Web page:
The True Meaning of “Belonging”
When I got asked to write about identities, territory and the right way to react in case of catastrophes taking place all over the world, including places where I have some history, I thought “easy breezy”. Reality, as always, tends to differ from the perception and projection we first make. Far from being easy, coming to consciousness about the path one has made can be painful.
I have always had to deal with multiple identity issues. When I was still a baby, my family and I fled from the Algerian civil war and settled down in Belgium. A couple of years later, we were on our way to move again, this time to Canada. The polar climate, however, made us think twice about it, and we went back to Brussels. Throughout these years of indecision, we traveled a lot. My father took us wherever his job responsibilities needed him to go. Hence, I very quickly faced belonging-issues. Speaking French and Kabyle at home, my father also taught my sister and I some Arabic, and we had to learn English quite early in order to make the best of our travels, may it be to the Middle East, to Asia or all over Europe.
Constantly being in the midst of cultural crossroads could have only been the best of experiences, you might think. It sure represents the core of my identity today, but the journey was not always easy. Cultural clashes with my schoolmates did happen. Going out late when I was a teen was very complicated and often required me to lie. However, my parents’ discourse was always about openness. “Be tolerant towards everyone’s background, beliefs and fears” they told us. Judging people has never been part of our mentalities; truly conscious that no one’s reality is above another. I couldn’t thank them more for letting me be whoever I wanted to be whilst giving me the opportunity to confront my own perception with that of others (and even theirs).
I have been living in Paris for a year now. When the attacks took place last November, I was visiting my friends and family in Brussels. The distress I was going through at this time, was so immense that the first week of holidays I had planned in more than a year, with my sister, in Dubai, almost happened without me noticing it (poor me, right?). Brussels was on high alert as well, so I didn’t know whether there was something to worry about at home. A few months later, when Brussels got hit, I was in Paris. I was the one who gave the news about the attacks in Zaventem to my parents, who were quietly getting ready to go to work in the morning. The shock was huge again. At the same time, I heard about the US-airstrike that hit a university in Mosul, killing dozens of people. Saying that this day was one of the worst I went through is an understatement.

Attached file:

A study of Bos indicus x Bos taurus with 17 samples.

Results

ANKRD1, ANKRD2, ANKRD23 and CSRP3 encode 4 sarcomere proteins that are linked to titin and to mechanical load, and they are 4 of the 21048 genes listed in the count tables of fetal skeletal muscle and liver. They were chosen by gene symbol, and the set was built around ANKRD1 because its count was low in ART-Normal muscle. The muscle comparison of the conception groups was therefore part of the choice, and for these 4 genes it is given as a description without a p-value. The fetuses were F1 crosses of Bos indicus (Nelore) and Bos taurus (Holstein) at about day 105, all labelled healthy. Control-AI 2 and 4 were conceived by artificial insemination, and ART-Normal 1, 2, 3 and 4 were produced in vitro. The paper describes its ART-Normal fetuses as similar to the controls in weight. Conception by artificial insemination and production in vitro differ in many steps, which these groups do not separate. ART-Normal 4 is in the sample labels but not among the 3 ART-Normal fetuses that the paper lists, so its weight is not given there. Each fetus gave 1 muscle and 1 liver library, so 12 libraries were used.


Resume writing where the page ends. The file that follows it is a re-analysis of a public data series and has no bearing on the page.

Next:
I can’t really pinpoint where on the map I can best relate. I keep thinking that there must be a place on earth where I’ll finally feel like home, without really knowing what a “home” is. I can’t count Paris as a place where I feel great to live in, because my way of life tends to clash with Parisians’ manners and common traits. Brussels made me feel claustrophobic although it definitely fits my mood better on a daily basis. Spain, where I spent a semester in 2012 brought me the best of human interactions, but still, not a place where I could see myself settling.
Where the hell is “home” ? Where do I “belong” ? I was already asking myself the question when I was 16 years old and came to some kind of conclusion that home, more than “where the heart is”, knows no boundaries. It does not have to be defined as a location. Still, I wish I could spend more than six months without getting bored with one place, so I keep hoping I will find a reason to settle down somewhere. However, I’m not in a hurry. So far, I know that what drives me in life is the excitement behind the fact that I do not only feel like the world is one single entity, I also know that as messy and volatile as I believe my life can be, I have never been so sure of the values I live by, and I know that the ground upon which these values were forged in no way lessens their universal applicability to me.
If I could relate to one artistic piece, it would definitely be Magritte’s “Le Mal du Pays” (Homesickness) (1940) which I linked to this sentence that I wrote back in 2010 : “Even though these values are a fixed point around which I can build my life, being a melancholic person, I have always felt that the real pulse of life is always beating someplace else, but that this someplace can never be reached.”